BRIDGEVIEW, Ill. -- Chris Rolfe's memories of playing soccer and living in Denmark aren’t all sunny and joyful.

Of course that wasn’t what Rolfe intended when he first arrived in the country. He proved himself as a talented forward in the MLS during his first five seasons with the Chicago Fire and was ready for another challenge. He signed a contract with Danish Superliga club Aalborg BK in 2009 and joined the team in January 2010.

He hoped to establish himself in Europe and continue building his career, which included appearances with the United States national team. But a hamstring injury in his first season kept him off the field and left him a bit lost in an unfamiliar culture. He describes that period in his life as one of the most trying.

Rolfe’s situation improved -- he scored six goals in 32 appearances -- but his 2 ½ years there fell short of his expectations.

Now five months after leaving Denmark and returning to the Fire, Rolfe says the difficult times overseas have helped him on and off the field.

“It was a great experience for me,” said Rolfe, whose Fire will host the Columbus Crew at Toyota Park on Saturday. “I wouldn’t change a thing about it. I think those 2 ½ years I matured a lot. I gained so much experience and new appreciation, not just the soccer back here, but the life back here in general.

“When I went to Denmark, it was the right time for me to make that change in my life. After being over there for over two years and trying to pursue a different goal, I thought it was time to come back home.”

After battling an ankle injury when he returned to the Fire, Rolfe finally got on to the field in June.

In his second game, a 3-1 win over the New York Red Bulls, he scored a goal in front of the home crowd at Toyota Park.

Now 16 games into the season, Rolfe has six goals, tied for the team lead, and dished out two assists. The Fire has gone 10-4-2 during those 16 games and has risen to second place in the Eastern Conference.

Fire coach Frank Klopas always assumed he hadn’t seen the last of Rolfe in a Fire uniform. Klopas was the team’s technical director when Rolfe went to Denmark, and the Fire still held the held Rolfe’s MLS rights.

Klopas kept tabs on Rolfe’s career overseas and observed all of his ups and downs from afar. He never doubted Rolfe’s ability, and didn’t hesitate when Rolfe expressed interest in returning to the Fire.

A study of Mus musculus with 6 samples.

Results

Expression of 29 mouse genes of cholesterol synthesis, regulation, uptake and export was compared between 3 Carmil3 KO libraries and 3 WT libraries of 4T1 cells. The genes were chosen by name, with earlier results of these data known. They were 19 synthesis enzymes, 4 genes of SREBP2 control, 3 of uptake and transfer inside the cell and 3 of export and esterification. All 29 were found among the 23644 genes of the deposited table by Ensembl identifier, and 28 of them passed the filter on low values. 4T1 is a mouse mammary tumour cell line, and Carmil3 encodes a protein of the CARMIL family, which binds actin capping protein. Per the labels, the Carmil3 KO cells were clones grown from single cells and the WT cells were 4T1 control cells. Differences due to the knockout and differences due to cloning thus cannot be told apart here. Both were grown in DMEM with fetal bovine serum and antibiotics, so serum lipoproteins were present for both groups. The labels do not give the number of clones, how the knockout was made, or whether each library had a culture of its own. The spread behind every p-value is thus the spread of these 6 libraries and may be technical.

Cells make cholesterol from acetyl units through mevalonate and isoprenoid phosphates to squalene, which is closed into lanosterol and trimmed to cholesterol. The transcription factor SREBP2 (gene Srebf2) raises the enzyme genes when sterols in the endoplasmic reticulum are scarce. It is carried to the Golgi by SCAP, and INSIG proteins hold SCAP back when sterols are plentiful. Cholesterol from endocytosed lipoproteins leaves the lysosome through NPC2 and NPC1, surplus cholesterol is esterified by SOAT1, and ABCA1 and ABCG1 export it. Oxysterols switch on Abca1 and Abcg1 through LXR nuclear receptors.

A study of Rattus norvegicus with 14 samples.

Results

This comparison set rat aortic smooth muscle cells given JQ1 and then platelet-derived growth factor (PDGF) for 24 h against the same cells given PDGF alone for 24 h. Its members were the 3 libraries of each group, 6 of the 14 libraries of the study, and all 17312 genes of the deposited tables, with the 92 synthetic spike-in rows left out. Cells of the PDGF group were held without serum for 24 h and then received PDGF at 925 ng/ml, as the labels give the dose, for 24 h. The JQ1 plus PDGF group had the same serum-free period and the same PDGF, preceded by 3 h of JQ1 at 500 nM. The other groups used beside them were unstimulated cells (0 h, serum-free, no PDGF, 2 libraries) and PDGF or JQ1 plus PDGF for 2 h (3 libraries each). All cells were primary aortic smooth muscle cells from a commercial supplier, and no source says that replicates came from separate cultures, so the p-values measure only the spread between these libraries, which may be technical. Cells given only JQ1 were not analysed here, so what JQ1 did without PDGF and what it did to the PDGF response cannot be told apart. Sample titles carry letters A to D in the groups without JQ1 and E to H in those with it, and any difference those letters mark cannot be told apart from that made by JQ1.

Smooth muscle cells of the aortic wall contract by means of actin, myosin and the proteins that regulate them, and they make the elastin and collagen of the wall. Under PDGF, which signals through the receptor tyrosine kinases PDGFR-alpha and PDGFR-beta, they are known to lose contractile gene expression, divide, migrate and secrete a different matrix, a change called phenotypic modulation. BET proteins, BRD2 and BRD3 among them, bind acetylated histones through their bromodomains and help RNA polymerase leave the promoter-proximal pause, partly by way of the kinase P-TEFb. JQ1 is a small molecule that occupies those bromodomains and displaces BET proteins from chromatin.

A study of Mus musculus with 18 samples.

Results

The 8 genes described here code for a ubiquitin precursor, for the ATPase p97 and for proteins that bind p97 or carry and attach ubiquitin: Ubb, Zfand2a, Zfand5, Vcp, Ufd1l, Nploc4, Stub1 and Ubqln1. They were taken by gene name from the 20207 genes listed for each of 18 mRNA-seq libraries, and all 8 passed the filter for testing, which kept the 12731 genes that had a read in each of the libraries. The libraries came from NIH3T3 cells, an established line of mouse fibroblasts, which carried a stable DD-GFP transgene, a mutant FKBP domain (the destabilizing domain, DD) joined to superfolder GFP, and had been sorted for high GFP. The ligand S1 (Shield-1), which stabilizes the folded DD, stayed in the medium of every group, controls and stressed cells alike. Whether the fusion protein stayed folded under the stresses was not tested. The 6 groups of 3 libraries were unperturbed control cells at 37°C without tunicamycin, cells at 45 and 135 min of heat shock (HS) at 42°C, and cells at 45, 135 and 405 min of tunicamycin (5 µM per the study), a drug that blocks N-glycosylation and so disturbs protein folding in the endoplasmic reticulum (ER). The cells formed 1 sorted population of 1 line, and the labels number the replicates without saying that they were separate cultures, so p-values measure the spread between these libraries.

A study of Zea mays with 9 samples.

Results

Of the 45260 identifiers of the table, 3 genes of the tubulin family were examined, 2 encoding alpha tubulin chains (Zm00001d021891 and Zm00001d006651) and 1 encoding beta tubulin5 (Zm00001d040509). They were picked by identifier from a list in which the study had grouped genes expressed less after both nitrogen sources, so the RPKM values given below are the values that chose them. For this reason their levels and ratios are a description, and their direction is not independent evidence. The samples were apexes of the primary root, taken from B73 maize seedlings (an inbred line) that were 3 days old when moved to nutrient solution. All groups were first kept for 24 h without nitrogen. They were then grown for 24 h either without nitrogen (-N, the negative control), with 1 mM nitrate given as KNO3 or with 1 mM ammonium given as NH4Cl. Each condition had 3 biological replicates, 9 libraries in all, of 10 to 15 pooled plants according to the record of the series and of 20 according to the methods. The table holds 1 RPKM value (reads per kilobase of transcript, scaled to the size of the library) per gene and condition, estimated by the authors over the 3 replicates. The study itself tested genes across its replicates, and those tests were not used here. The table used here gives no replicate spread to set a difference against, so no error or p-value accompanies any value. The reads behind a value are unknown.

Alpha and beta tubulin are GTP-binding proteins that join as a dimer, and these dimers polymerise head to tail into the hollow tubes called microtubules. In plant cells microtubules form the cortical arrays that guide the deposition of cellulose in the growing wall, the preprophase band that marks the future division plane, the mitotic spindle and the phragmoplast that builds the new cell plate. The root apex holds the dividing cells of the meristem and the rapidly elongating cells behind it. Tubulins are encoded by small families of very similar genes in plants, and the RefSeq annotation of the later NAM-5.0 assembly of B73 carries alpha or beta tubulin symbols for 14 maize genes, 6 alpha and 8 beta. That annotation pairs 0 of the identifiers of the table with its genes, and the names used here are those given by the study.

“I think it’s hard to keep guys (with the team) like that that have an opportunity,” Klopas said. “You try to do your best, but in the back of the mind, if the chance is there, I think they want to try the different environment, the different opportunity in Europe.

“It was great that things worked out. Chris had obviously played here, knows the club well, knows the league well. A good player in an important time for us.”

It didn’t take long for Klopas to see that Rolfe isn’t the same player upon his return to the Fire.

“I think he matured as a player,” Klopas said. “As he got older, he got better, wiser -- his ability to make better decisions, his movements, reading the game better and being at the right spots at the right moment.

“His technical ability has obviously gotten better, but he always had that. (He has the) ability around the goal to finish and be dangerous when he gets the ball.”

Fire midfielder Logan Pause has also had the chance to see Rolfe’s evolution. Pause, who has been with the Fire since 2003, witnessed Rolfe’s career from his rookie season to now as a 29-year-old veteran.

“I think the big thing that changed was he went to Europe and struggled with some injuries as he has mentioned,” Pause said. “I think that took a toll on him mentally and also gave him an opportunity to work through that adversity and grow as a person and player.

“He’s just as strong as ever. He’s just a fit, fast, dynamic, youthful player still even being almost 30. A great addition for our team.”

As good as the winning is, Rolfe has also enjoyed the company of his fellow players. He wasn’t that close with his teammates in Denmark, and he wanted that feeling of camaraderie again when he returned to the Fire.

“I missed that a lot,” said Rolfe, an Ohio native. “Coming back, I was really excited about that. That allowed me to put myself out there more, and the guys had a grasp of that.”

Rolfe feels at home again.

“I’ve wanted a home for a while,” Rolfe said. “I feel this is my home now. It’s good to be back. It’s good to come back. Everyone’s treated me well. We’re having success on the field. I couldn’t ask for more.”